Michael Green elected to National Academy of Medicine
- Medical School
The National Academy of Medicine has announced the election of Michael R. Green, MD, PhD, Howard Hughes Medical Institute Investigator, the Lambi and Sarah Adams Chair in Genetic Research, chair and professor of molecular, cell, & cancer biology, professor of molecular medicine and director of the UMass Medical School Cancer Center, for his distinguished and continuing achievements in original research. Dr. Green was elected to the National Academy of Sciences earlier this year and is the first UMMS faculty member to be named to two national academies. He is also an elected associate member (foreign associate) of the European Molecular Biology Organization.
“Michael Green is an accomplished scientist and highly cited author who has discovered fundamental insights into the fields of transcriptional regulation and splicing. His scholarly accomplishments are most impressive,” said Chancellor Michael F. Collins. “He has brought a great distinction to our university and I believe it is extremely fitting that he is the first of our faculty to be elected to two national academies.”
“Dr. Green’s research is changing our understanding of higher orders of gene regulation, beyond the linear sequence of bases on the DNA strand. These epigenetic changes will be the key to deeper understanding of a wide range of diseases, including cancer and neurodevelopmental disorders,” said Terence R. Flotte, MD, the Celia and Isaac Haidak Professor of Medical Education, executive deputy chancellor, provost and dean of the School of Medicine.
The NAM is formerly the Institute of Medicine, which was established in 1970 under the charter of the National Academy of Sciences to advise the nation on medical and health issues. Members are elected to the NAM by their peers for distinguished contributions to medicine and health. Membership in the NAM is considered one of the highest honors in the fields of health and medicine and recognizes individuals who have demonstrated outstanding professional achievements and commitment to service. Current active members elect new members from among candidates nominated for their accomplishments and contributions to the advancement of the medical sciences, health care and public health. The newly elected members raise NAM’s total active membership to 1,826 and the number of international members to 137.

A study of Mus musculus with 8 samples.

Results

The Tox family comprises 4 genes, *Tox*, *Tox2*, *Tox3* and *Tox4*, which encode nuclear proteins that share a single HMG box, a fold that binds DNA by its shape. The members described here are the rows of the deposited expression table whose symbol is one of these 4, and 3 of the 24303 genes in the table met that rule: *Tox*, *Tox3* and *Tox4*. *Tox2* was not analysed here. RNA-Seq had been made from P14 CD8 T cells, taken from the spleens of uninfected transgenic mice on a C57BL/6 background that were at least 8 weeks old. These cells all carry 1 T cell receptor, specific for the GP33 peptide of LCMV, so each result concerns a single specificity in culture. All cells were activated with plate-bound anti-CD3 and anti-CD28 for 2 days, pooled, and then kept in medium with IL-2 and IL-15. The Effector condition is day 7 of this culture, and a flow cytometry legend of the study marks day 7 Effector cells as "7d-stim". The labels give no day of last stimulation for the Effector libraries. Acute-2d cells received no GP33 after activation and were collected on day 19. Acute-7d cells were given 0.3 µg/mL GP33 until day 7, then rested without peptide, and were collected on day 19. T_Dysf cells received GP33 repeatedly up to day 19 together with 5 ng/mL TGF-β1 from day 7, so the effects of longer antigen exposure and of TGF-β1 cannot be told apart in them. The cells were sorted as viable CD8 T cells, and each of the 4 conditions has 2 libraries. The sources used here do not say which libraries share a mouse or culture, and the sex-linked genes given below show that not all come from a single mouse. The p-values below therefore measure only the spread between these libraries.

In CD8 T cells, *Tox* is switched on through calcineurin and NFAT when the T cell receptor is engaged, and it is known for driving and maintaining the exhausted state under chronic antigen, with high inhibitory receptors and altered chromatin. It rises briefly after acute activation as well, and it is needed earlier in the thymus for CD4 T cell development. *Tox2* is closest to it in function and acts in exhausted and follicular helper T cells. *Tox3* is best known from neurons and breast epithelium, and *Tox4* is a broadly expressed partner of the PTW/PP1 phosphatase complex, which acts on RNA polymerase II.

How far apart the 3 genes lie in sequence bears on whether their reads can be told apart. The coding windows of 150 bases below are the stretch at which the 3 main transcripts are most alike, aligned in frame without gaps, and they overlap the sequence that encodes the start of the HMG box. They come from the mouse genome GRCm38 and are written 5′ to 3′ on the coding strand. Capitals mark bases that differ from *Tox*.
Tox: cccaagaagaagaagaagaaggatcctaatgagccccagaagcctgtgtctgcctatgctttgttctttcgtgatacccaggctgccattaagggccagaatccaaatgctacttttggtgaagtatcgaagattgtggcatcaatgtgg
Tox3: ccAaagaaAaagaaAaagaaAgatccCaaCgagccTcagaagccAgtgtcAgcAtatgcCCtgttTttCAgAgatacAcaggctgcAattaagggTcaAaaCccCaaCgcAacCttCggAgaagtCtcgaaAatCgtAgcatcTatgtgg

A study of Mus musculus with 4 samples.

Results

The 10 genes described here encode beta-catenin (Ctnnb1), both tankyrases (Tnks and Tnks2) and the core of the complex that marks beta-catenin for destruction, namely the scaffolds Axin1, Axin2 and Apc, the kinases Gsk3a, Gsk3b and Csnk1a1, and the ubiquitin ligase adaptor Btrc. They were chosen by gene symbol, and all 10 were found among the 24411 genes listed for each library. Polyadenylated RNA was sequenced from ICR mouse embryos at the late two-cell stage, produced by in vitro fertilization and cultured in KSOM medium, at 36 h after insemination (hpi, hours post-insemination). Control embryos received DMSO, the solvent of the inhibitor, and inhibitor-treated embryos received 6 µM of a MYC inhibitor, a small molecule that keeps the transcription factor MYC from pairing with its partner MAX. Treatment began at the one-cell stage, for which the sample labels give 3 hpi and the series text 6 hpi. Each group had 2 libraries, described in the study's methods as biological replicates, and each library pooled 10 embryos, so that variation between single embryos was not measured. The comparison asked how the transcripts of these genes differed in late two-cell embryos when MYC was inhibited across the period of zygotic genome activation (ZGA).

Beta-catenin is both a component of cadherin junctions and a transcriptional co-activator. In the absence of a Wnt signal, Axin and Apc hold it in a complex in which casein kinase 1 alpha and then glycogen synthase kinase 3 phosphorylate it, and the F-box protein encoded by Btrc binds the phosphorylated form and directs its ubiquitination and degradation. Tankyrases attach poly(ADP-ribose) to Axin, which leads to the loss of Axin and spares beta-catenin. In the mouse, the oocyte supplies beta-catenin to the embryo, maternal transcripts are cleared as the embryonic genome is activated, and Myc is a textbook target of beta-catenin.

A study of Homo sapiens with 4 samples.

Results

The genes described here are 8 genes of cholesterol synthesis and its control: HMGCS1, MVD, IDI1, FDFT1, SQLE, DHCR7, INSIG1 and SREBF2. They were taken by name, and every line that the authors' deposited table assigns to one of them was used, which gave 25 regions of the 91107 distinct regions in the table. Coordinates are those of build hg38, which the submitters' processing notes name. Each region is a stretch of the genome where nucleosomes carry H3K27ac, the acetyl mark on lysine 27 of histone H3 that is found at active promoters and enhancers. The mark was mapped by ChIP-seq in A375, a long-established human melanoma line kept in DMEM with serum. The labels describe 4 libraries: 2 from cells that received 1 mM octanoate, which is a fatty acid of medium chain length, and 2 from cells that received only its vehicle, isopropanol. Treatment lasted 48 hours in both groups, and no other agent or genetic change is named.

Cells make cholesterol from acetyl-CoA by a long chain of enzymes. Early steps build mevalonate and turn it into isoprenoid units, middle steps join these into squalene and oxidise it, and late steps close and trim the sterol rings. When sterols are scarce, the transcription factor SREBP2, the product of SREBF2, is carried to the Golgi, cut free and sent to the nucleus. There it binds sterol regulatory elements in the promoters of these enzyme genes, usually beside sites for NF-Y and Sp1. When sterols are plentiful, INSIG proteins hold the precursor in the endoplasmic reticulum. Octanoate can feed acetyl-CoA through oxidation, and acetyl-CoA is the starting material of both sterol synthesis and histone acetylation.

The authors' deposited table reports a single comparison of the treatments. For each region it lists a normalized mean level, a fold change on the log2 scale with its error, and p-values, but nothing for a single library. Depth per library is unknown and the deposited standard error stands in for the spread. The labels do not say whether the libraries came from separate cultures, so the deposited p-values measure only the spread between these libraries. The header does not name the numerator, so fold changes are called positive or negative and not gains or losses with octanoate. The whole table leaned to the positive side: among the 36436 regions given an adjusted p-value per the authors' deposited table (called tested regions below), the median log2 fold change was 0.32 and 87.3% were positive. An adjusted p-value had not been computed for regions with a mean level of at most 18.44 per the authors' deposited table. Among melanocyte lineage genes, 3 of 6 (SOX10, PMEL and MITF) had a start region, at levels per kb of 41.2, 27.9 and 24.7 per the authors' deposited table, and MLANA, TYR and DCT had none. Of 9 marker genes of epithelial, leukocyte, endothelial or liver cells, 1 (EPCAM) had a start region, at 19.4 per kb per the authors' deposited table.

Green joins two colleagues in the National Academy of Medicine: Robert H. Brown Jr., DPhil, MD, theLeo P. and Theresa M. LaChance Chair in Medical Research and chair and professor of neurology, and John Ware, PhD, professor of quantitative health sciences and chief of the Outcomes Measurement Division.
Nobel laureate Craig C. Mello, PhD, Howard Hughes Medical Institute Investigator, the Blais University Chair in Molecular Medicineand distinguished professor of molecular medicine and cell & developmental biology, and Victor Ambros, PhD, the Silverman Chair in Natural Sciences and professor of molecular medicine and Green are members of the National Academy of Sciences.
The National Academy of Medicine works together with the National Academy of Sciences and National Academy of Engineering to provide independent, objective analysis and advice to the nation and conduct other activities to solve complex problems and inform public policy decisions. The academies also encourage education and research, recognize outstanding contributions to knowledge, and increase public understanding in matters of science, engineering and medicine.
Green studies the mechanisms that regulate gene expression in eukaryotes and the role of gene expression in various human disease states. He also uses transcription-based approaches and functional screens to identify new genes and regulatory pathways involved in cancer. These studies are intended to enhance understanding of how normal cells become cancerous and to reveal potential new targets for therapeutic intervention.
Green received his MD and PhD degrees from Washington University School of Medicine in 1981. He was awarded a Helen Hay Whitney Postdoctoral Fellowship to perform postdoctoral work at Harvard University in the Department of Biochemistry and Molecular Biology. He became a faculty member in that department at Harvard in 1984, where he remained until he joined the Program in Molecular Medicine at UMMS in 1990. He has been the recipient of the Searle Scholar Award, the Presidential Young Investigators Award, the McKnight Neuroscience Award, and in 1993 was invited to deliver a Harvey Lecture. In 1994, Dr. Green was made an investigator of the Howard Hughes Medical Institute.